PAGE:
Will draw from an ancient tradition of sand sculpture from the Italian city of Jesolo

The Nativity scene in St. Peter’s Square at the Vatican for Christmas 2018 will honor “the ancient tradition of sand sculpture” of the Italian city of Jesolo, reports L’Osservatore Romano in its October 30-31 edition.

In sand from the Dolomites, the representation of the Nativity of the Lord will be created on a surface of some 25 square meters (270 square feet). It will include a bas-relief measuring 16 meters long (52 feet), five meters high (16 feet), and six meters deep (20 feet).

It will be inaugurated on December 7 in the afternoon and will be in place until January 13, the day of the Baptism of the Lord.  

According to the Roman daily Il Messaggero, 1,000 cubic meters of sand will be needed to complete this work, which will begin in mid-November. Before reaching Rome, the sand will be blessed by the patriarch of Venice, Francesco Moraglia.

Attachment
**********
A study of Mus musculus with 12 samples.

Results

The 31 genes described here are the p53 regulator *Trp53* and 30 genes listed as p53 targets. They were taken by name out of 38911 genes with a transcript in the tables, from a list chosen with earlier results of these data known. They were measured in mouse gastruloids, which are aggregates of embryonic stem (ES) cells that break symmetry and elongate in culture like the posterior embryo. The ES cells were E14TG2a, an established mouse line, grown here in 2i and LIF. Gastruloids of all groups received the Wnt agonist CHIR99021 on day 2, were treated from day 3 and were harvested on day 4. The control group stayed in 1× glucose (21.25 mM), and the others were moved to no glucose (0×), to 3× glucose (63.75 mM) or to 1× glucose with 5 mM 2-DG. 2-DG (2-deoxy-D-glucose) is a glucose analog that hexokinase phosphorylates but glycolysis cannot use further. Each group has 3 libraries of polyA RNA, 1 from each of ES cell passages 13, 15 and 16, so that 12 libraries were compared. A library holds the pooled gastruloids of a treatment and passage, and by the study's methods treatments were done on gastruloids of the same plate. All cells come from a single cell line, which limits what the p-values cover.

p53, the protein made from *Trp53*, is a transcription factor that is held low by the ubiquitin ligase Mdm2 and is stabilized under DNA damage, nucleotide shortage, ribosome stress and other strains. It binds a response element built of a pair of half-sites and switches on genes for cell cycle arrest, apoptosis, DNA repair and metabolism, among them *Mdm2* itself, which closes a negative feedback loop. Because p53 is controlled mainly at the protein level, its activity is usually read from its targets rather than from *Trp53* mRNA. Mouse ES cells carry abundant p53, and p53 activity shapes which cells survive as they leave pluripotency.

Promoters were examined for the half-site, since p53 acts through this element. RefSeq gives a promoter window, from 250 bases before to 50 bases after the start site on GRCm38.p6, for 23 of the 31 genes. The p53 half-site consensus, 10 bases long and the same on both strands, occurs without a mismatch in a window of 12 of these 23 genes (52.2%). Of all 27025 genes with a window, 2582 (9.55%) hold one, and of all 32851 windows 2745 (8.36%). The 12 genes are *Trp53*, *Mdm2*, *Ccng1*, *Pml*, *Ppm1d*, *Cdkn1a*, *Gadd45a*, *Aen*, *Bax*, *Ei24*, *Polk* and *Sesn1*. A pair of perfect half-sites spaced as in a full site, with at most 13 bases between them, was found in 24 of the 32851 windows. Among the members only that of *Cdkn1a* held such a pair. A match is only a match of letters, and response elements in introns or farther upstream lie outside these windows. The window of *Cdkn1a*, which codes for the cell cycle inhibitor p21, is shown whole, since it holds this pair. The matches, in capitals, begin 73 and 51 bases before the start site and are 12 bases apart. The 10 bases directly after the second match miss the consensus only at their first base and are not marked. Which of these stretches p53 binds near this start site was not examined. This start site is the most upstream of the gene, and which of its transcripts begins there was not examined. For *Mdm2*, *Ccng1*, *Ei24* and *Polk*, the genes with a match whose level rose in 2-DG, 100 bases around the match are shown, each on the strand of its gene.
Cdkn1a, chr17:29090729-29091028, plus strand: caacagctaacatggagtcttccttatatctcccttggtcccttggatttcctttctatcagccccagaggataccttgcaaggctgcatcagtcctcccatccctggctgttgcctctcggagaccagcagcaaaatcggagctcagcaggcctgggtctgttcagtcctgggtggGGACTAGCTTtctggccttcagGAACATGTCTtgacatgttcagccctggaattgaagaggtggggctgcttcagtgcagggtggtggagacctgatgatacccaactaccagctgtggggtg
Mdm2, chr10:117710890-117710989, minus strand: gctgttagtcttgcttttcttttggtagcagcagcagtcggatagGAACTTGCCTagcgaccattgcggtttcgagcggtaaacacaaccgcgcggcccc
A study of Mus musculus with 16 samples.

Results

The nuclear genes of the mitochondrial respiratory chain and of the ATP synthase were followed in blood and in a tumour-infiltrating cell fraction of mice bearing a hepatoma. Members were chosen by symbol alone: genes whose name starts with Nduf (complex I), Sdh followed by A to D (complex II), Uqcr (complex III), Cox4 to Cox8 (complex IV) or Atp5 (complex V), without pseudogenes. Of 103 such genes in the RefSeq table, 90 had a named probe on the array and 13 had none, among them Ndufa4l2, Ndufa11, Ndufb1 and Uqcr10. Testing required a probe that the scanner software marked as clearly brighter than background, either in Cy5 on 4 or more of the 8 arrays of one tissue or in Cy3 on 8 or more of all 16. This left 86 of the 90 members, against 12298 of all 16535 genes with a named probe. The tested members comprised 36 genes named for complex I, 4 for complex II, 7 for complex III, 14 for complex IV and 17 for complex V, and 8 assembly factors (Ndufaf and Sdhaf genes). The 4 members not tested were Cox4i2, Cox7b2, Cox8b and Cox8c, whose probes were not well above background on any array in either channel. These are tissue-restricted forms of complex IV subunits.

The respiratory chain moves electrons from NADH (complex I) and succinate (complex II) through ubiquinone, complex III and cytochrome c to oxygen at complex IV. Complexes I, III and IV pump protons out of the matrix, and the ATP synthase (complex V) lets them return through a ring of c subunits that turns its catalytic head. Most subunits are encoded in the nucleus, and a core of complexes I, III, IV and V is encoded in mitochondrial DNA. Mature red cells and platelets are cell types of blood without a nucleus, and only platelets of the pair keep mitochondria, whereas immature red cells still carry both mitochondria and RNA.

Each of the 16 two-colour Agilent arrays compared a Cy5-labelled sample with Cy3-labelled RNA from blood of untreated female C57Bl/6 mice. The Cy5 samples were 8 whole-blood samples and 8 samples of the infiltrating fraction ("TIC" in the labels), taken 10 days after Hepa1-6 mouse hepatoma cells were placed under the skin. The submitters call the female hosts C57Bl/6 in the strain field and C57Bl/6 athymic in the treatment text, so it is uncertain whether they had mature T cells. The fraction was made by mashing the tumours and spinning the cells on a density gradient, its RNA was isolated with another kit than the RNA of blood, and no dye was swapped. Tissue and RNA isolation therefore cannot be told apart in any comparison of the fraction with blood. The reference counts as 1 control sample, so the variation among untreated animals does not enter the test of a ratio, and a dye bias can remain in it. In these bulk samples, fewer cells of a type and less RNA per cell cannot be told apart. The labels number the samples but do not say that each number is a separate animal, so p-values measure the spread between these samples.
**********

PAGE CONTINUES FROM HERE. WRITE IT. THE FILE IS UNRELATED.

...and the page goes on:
In addition to the Nativity scene, a Christmas tree will also be installed in St. Peter’s Square, like every year. This time it will be a spruce tree measuring 21 meters in height (nearly 70 feet) measuring 10 meters (32 feet) wide at the base.

This tree will be donated by the Italian diocese of Concordia-Pordenone, in the north of the country, between Venice and Austria.

Both the tree and the Nativity scene will be illuminated by lighting managed by the Governorate of the State of the Vatican City. These installations, remind the Vatican Daily, consume little energy and have a low environmental impact.